Back when I was at Universität des Saarlandes we had a great seminar at MPII. It was called "Data Processing Tips and Tricks" and covered some important data processing techniques. These techniques varied a lot. What they had in common was their universality - you could throw pretty much any data at them and extract something. And by preprocessing your data differently, and postprocessing the results differently, you could get loads of interesting things without inventing any new algorithms.
Here's a partial list of the classic universal data processing methods, in no particular order:
- Bayesian statistics
- EM algorithm
- Levenberg-Marquardt optimization
- Lloyd clustering
- Karhunen-Loeve Transform (aka Principal Component Analysis)
- Singular Value Decomposition
- multi-dimensional scaling
- Algebraic reconstruction technique
- Support Vector Machines
- Graph Cut Optimization
- Level-Set Methods
- Neural Networks
- Hidden Markov Models
- Regular expressions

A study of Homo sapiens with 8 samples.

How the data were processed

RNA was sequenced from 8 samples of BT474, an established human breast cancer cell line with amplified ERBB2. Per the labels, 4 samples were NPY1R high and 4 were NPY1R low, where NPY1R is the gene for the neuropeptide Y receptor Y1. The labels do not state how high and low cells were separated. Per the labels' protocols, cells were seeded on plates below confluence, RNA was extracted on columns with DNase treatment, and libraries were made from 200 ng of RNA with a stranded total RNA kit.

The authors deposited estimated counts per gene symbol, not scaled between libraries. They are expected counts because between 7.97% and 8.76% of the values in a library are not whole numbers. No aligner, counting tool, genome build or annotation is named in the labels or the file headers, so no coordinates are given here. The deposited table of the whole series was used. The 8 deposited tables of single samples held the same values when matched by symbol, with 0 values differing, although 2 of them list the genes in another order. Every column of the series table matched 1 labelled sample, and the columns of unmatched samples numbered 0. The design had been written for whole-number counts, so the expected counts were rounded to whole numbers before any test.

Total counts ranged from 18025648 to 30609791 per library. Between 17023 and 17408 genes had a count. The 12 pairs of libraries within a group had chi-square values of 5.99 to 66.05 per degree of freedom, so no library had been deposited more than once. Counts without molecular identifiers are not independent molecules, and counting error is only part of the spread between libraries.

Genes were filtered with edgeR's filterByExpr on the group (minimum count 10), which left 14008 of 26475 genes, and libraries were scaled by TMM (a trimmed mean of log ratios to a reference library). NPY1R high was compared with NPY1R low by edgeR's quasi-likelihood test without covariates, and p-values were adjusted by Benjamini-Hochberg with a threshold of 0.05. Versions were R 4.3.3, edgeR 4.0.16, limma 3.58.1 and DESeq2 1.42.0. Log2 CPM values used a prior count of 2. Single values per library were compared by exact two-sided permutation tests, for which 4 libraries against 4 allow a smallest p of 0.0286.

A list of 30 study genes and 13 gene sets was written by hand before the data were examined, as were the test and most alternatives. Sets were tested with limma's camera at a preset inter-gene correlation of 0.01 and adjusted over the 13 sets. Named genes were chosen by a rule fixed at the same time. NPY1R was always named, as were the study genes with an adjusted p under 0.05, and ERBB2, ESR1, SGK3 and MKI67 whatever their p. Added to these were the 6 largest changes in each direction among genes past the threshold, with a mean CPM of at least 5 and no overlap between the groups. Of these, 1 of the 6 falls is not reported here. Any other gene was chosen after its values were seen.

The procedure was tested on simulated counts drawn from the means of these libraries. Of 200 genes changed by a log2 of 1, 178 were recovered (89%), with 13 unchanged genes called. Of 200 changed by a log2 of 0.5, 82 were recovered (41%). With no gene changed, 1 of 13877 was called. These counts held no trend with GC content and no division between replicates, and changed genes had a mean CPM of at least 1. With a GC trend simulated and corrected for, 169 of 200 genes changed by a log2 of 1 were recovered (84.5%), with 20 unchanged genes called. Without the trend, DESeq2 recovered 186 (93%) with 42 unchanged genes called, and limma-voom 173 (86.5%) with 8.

By simply being aware of their existence you greatly increase your chances of solving really big problems you'll be facing. For example naive Bayesian statistics was famously used for fighting spam, and in spite of its striking simplicity is much more effective than all the custom and complicated methods that preceded it.
In the last few years the data processing toolkit got one a new tool - PageRank. Pretty much everybody knows how it works for scoring websites, but the algorithm is capable of much more than that. One great example is extracting keywords from documents. It has nothing to do with the original problem of website scoring, but if you treat words as nodes (websites), create links between words that occur close to each other, and run PageRank on such a graph, you get very decent keywords. Of course you might want to add some pre- and post-processing to improve keyword quality (obviously removing HTML tags, also stemming, removing stopwords, weighting words by part of speech or whatever you feel like doing), but so does Google in determining pages' scores. And I bet you expected keyword extractors to either actually understand what's written (not possible yet) or to simply count number of occurences (really horrible results).
You can use PageRank to asses importance of countries in international trade, importance of people in organization's communication flow, and many other problems. Or you could simply throw arbitrary graphs at PageRank, look at the results and simply guess what they mean. Perhaps that will be enough to solve the problem you've been thinking about for such a long time. If not, you still have two dozen of other universally applicable techniques to choose from.